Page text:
Editor’s Note: Veronica Taylor is a consultant specializing in disaster preparedness, response and recovery. She previously worked with The Patterson Foundation to help deepen its understanding of the disaster space. As a guest blogger, she will cover issues relevant to the disaster sector. Contact Veronica: firstname.lastname@example.org
One more blog on investing in disaster response and recovery for now, and then it’s on to practice in motion! This is the fourth blog in this series, but please, keeps the ideas rolling in. Like I said several blogs back, there may be a disaster Einstein among us! Spread the word, share the knowledge, and solve the problems! This is a call to ACTION!
Make it easy for employees to make donations and volunteer.
- Work with businesses and non-profits to develop stand-by portals for donations that can be “turned on” at times of major disasters. Use the portal as an opportunity to push information on disaster preparedness and everyday community volunteer opportunities. Sell it as an employee benefit. Employees want their employers to have social awareness.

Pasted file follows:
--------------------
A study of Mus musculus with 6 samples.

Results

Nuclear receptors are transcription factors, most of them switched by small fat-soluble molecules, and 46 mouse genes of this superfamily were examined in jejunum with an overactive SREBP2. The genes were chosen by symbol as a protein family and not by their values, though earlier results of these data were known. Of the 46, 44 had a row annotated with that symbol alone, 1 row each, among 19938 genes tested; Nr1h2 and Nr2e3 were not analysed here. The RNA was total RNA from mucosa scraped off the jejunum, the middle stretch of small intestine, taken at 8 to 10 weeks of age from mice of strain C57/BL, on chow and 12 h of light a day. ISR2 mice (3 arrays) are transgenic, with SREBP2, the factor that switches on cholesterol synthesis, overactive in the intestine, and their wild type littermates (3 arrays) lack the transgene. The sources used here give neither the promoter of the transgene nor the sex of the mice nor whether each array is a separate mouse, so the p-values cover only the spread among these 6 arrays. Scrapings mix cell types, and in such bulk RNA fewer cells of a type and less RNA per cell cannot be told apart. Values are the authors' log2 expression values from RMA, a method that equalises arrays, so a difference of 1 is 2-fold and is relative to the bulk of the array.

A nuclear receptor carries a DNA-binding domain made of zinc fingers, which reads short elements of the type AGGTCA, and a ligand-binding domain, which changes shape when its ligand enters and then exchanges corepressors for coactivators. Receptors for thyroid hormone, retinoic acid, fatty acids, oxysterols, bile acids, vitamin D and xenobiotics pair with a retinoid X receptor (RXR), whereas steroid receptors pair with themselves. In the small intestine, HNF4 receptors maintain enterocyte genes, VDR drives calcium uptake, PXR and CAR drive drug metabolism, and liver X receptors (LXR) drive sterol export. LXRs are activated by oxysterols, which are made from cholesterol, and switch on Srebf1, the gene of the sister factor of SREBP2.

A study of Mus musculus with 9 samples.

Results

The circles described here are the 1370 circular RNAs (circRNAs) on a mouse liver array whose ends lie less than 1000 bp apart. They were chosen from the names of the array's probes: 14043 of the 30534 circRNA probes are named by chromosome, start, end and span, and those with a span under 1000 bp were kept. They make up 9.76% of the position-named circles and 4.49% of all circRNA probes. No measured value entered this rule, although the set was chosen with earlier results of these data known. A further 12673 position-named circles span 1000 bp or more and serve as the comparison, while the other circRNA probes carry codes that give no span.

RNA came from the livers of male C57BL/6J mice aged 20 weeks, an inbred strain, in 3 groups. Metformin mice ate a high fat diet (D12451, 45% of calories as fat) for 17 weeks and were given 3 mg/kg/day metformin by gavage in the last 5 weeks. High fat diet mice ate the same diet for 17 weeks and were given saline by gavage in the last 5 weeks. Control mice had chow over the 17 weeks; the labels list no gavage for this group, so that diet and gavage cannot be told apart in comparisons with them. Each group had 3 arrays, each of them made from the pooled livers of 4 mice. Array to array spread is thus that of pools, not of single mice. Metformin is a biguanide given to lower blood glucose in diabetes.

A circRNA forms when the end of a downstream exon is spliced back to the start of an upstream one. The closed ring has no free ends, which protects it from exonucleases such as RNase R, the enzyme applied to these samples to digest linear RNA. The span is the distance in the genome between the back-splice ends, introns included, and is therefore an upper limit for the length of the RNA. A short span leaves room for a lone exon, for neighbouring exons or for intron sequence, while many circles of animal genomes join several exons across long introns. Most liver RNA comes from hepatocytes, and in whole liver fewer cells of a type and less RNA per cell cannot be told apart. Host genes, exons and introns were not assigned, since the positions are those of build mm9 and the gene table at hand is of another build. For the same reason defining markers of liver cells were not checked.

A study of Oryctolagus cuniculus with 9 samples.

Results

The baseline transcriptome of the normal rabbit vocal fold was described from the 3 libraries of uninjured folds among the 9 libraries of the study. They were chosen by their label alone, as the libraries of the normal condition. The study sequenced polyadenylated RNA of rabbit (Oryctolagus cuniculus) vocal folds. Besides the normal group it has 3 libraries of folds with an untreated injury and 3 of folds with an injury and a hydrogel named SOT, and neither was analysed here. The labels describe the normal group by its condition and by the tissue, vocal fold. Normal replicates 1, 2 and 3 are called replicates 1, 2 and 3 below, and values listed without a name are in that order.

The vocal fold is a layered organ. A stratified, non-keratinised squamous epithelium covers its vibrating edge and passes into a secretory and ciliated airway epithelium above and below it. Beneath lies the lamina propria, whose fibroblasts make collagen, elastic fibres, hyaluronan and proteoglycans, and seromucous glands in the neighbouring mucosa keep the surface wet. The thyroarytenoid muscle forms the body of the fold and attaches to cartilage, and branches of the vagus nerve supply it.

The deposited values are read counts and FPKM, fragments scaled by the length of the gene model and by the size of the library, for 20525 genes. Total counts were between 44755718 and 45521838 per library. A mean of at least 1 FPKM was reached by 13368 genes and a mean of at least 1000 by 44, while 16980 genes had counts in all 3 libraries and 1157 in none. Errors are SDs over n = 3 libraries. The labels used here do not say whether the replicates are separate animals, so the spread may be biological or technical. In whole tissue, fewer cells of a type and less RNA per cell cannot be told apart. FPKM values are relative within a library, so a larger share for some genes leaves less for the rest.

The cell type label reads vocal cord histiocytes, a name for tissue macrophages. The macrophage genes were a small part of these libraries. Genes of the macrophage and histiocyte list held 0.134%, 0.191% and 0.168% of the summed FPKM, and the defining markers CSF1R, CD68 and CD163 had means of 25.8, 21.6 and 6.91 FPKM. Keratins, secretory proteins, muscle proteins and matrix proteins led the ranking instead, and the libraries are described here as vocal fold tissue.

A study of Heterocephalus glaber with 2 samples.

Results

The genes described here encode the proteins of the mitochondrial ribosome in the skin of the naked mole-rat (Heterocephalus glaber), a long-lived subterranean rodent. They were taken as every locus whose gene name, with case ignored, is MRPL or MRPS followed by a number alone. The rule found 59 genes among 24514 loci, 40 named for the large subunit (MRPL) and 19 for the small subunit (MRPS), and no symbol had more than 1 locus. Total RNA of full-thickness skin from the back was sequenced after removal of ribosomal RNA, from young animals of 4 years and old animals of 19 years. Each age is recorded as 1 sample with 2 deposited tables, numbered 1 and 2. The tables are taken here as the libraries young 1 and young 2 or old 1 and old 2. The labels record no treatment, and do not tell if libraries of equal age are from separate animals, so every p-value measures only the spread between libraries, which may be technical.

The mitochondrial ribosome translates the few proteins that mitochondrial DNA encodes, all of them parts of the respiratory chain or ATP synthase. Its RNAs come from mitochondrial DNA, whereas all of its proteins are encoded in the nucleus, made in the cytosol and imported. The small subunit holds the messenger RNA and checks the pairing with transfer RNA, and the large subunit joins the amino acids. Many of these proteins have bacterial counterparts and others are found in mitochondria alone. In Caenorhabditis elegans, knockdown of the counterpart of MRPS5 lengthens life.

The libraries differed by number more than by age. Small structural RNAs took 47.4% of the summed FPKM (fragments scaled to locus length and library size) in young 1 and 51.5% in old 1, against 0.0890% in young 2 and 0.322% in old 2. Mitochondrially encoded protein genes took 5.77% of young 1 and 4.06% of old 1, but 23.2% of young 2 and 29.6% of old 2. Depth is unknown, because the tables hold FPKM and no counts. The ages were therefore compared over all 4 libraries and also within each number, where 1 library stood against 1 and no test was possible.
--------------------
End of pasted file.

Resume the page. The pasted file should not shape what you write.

Encourage increased transparency in all partnerships.
Donors want to know. The public wants to know. Where is all the money going? Money in – money out. People needing services – people getting services. This is especially important when asking for matching funding and monitoring case management. Help to implement tools such as posting real-time allocation of disaster funding and monitoring leveraged performance so that the reporting doesn’t become burdensome on the implementing agency.
Make active cooperation (and not just co-funding) a key criterion, such as making grants to two organizations working together. The more the better. Support your local COAD and/or VOAD.
Work with partners to fund long-term analysis of the impact of short-term disaster decisions.
- From the very beginning, allocate dollars for post-disaster analysis to capture lessons observed. Decisions made on day 1 may impact year 5 recovery.
Work with the local Community Foundations to quickly develop a dedicated Community Response and Reconstruction website.
- Don’t confuse the donors. Give them one-stop-shopping for information and confidence that their money is going to be spent directly on the recovery.